Nato's Afghan mission to expand
BBC News | August 5, 2005
The Nato-led peacekeeping force in Afghanistan will expand to cover the whole country by the end of 2006, a senior alliance commander has said.
The move is part of Nato's plan to take charge of security in areas outside the capital, Kabul, where US-led coalition forces currently operate.
The announcement came as a new Italian unit took command of the Nato-led peacekeeping mission in Afghanistan.
Afghan parliamentary polls take place in six weeks amid major security fears.
On Thursday, one US soldier was killed and another wounded by a bomb in Paktika province. An Afghan soldier was also hurt.
In Zabul province a member of the Afghan security forces was killed in an attack by suspected Taleban militants.
The 8,000-strong International Security Assistance Force (Isaf) is currently largely concentrated in Kabul, with smaller units in northern and western areas where security has been less of a problem.
Gen Gerhard Back, commander of the Nato division responsible for Isaf, said his peacekeeping troops would be seeking "more robust" rules of engagement.
They would be deployed in eastern as well as southern areas, where Taleban-led violence is concentrated, and across the entire country by the end of next year, he told reporters in Kabul.
The US military has been keen for Nato to move into these more difficult areas of Afghanistan, in the hope that it can start withdrawing its own troops.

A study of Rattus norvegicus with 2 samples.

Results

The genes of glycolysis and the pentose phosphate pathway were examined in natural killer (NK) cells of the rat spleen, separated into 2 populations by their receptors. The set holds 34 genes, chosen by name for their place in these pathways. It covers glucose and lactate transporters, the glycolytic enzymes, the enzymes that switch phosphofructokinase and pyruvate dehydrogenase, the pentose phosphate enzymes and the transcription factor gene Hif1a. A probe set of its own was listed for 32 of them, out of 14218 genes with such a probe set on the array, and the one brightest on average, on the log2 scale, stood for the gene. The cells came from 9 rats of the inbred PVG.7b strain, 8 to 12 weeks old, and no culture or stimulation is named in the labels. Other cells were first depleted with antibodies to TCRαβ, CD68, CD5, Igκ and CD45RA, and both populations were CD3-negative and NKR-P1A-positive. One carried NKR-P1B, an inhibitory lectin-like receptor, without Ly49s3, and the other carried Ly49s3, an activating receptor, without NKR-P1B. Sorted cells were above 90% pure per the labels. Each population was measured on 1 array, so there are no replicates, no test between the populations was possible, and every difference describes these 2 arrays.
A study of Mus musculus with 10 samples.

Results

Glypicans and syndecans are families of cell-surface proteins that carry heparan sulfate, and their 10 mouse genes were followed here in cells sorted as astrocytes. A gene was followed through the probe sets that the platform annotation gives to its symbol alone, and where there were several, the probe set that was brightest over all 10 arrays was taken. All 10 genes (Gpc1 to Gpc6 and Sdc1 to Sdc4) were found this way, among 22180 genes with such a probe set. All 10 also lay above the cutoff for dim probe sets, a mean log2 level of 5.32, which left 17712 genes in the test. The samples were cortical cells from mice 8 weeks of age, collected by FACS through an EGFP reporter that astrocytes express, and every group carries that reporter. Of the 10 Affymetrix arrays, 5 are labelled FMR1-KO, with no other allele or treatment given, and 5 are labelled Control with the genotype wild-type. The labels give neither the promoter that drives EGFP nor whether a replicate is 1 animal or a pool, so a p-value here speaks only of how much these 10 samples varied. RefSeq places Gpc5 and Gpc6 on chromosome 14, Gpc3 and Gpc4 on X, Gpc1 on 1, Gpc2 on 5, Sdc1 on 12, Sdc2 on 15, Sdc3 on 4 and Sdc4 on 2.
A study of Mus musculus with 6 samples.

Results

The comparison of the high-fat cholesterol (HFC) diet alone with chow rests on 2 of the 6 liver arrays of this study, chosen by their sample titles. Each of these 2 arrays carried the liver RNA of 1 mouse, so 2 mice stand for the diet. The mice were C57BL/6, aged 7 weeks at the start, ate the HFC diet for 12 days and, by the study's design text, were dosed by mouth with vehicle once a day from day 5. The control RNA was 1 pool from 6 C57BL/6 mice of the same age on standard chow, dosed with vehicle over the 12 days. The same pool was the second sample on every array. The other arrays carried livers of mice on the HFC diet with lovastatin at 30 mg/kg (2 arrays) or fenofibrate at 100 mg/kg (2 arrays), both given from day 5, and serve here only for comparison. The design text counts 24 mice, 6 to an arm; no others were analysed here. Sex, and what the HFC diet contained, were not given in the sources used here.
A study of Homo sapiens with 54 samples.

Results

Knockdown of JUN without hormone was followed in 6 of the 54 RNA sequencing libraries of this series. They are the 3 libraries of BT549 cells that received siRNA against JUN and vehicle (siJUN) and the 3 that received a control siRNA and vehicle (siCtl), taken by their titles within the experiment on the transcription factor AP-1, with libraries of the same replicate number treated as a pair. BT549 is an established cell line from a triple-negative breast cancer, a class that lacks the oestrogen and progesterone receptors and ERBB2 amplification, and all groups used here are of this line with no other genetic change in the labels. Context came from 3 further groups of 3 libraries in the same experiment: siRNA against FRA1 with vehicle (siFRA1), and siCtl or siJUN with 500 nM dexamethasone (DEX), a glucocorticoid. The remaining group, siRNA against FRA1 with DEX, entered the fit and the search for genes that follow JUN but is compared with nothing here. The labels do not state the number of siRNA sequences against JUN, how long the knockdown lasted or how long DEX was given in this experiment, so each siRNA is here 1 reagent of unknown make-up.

But this kind of expansion has proceeded slowly until now.
Only Canada has begun the process of deploying troops to Kandahar in the south.
By the middle of next year Nato will be in charge of the south, and by the end of the year in charge of all 34 provinces in Afghanistan, Gen Back said.
According to the BBC's Andrew North in Kabul, the main concern for Nato will be finding the extra soldiers to deal with the security challenges.
Many Afghans had called for the expansion of the international security operation straight after the fall of the Taleban in late 2001, but at that stage the US was opposed.
It is now far harder to get Nato countries to commit more troops, our correspondent says.
Nato is sending an extra 2,000 troops ahead of September's parliamentary elections but they are likely to be withdrawn soon afterwards.
More than 30 nations contribute troops to Isaf, which was placed under the control of Nato in August 2003.
For the past six months Nato member Turkey has led the force, command of which changes every six months.
This time it is being taken over by one of five rapid reaction units in Nato.
Most of its troops are Italian, including the commander. But his deputy is British.
Maj Gen Roger Lane led a Royal Marine force sent to Afghanistan in 2002 to hunt remnants of al-Qaeda and the Taleban.
The main threat to Afghan security still comes from al-Qaeda and the Taleban - who have been blamed for an upsurge in violence this year that has claimed hundreds of lives.